The effectiveness of punishment versus reward in classroom management is an ongoing issue for education professionals. Both tactics provide teachers with leverage when working with disruptive and self-motivated students. Before you decide whether to motivate students with rewards or manage with consequences, you should explore both options.
The Positive Side of Rewards
Many teachers want to keep a positive atmosphere in their classroom. One way they maintain this is by using rewards to motivate students. These are offered in a variety of ways, such as a treat for completing homework on time or extra recess for good behavior. Rewards work for the students who receive them and those who do not: Seeing a high-achieving student enjoy a reward may inspire a disruptive student to focus on her work.
The Positive Side of Punishments
Educators often choose punishments when rules are not followed. They lay out guidelines when the year begins and list what the punishments will be if the rules are not followed. The punishments, or consequences, usually involve withholding something the student enjoys. For example, a disruptive student may be kept in at recess time or serve detention after school. A student who frequently distracts his peers from learning will be deterred if he knows he will not receive a class treat at the end of the month.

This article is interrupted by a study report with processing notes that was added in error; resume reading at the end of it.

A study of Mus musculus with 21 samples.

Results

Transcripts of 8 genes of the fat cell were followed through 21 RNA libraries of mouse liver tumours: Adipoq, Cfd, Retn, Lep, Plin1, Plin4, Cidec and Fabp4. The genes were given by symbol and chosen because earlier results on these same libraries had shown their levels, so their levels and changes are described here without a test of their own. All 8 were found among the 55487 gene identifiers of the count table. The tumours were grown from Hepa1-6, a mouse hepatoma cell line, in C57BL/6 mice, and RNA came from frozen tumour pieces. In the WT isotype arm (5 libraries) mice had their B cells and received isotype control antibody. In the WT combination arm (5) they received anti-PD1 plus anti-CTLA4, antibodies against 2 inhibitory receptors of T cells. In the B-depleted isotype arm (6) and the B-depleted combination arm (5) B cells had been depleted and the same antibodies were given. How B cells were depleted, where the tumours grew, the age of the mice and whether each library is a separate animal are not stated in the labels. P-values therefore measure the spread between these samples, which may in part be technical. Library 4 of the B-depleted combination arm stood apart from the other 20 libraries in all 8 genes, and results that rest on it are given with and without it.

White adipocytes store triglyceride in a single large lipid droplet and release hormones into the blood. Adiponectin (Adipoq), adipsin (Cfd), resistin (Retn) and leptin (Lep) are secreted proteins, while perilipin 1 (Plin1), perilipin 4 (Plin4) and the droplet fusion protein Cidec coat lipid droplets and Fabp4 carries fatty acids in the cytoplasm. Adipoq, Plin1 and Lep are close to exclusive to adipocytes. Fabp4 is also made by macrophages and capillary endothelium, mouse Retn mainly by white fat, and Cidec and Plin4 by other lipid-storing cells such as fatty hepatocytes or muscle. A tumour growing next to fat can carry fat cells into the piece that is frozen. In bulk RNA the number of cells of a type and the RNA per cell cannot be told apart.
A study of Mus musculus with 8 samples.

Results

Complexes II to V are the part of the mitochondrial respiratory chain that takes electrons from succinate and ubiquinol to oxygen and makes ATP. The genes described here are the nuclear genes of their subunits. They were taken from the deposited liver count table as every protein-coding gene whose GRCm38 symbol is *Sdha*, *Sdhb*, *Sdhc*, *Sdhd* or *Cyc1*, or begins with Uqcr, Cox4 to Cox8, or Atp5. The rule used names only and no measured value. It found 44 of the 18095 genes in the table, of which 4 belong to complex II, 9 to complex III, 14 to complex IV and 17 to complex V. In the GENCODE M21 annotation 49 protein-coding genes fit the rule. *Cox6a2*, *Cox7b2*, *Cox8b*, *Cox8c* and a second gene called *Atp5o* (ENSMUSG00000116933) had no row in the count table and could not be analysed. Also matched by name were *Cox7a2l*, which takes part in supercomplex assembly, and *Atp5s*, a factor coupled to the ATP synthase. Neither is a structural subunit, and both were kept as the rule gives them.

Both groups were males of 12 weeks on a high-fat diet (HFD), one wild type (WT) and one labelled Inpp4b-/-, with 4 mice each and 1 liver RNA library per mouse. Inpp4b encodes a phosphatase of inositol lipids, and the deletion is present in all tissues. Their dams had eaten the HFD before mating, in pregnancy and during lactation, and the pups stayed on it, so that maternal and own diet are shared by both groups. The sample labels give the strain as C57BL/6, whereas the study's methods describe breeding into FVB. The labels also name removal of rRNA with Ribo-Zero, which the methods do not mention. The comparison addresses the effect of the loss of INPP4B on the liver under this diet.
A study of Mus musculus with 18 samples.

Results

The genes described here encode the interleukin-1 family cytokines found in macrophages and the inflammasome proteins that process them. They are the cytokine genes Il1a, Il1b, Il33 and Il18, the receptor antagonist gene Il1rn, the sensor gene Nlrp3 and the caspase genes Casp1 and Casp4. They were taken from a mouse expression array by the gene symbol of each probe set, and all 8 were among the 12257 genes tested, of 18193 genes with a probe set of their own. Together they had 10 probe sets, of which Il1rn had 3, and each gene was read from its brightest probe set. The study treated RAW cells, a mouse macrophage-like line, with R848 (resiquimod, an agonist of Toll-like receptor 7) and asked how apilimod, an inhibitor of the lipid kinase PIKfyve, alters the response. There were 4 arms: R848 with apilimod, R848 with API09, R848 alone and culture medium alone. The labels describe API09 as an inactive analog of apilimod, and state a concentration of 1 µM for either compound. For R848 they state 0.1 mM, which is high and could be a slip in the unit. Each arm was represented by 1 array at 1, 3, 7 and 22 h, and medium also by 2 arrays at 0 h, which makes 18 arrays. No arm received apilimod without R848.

Though rewards motivate students to participate in school, the reward may become their only motivation. While many students may aim to please their teacher, some might turn in assignments just for the reward. Education critic Alfie Kohn, author of "Punished by Rewards," argues that some research shows that a reward will get the assignment turned in, but the work might be well below the student's potential. If you choose to implement rewards in your classroom, keep an eye out for students who may need encouragement to do their best.
Fear of punishment gets most students to follow clearly articulated rules. Mentioning these punishments to a disruptive student, or one whose work ethic has been slipping, encourages her to behave. However, the fear may cause a student to work simply to get by rather than operate at her full potential. For example, a student may behave only to avoid punishment, without listening to the lesson.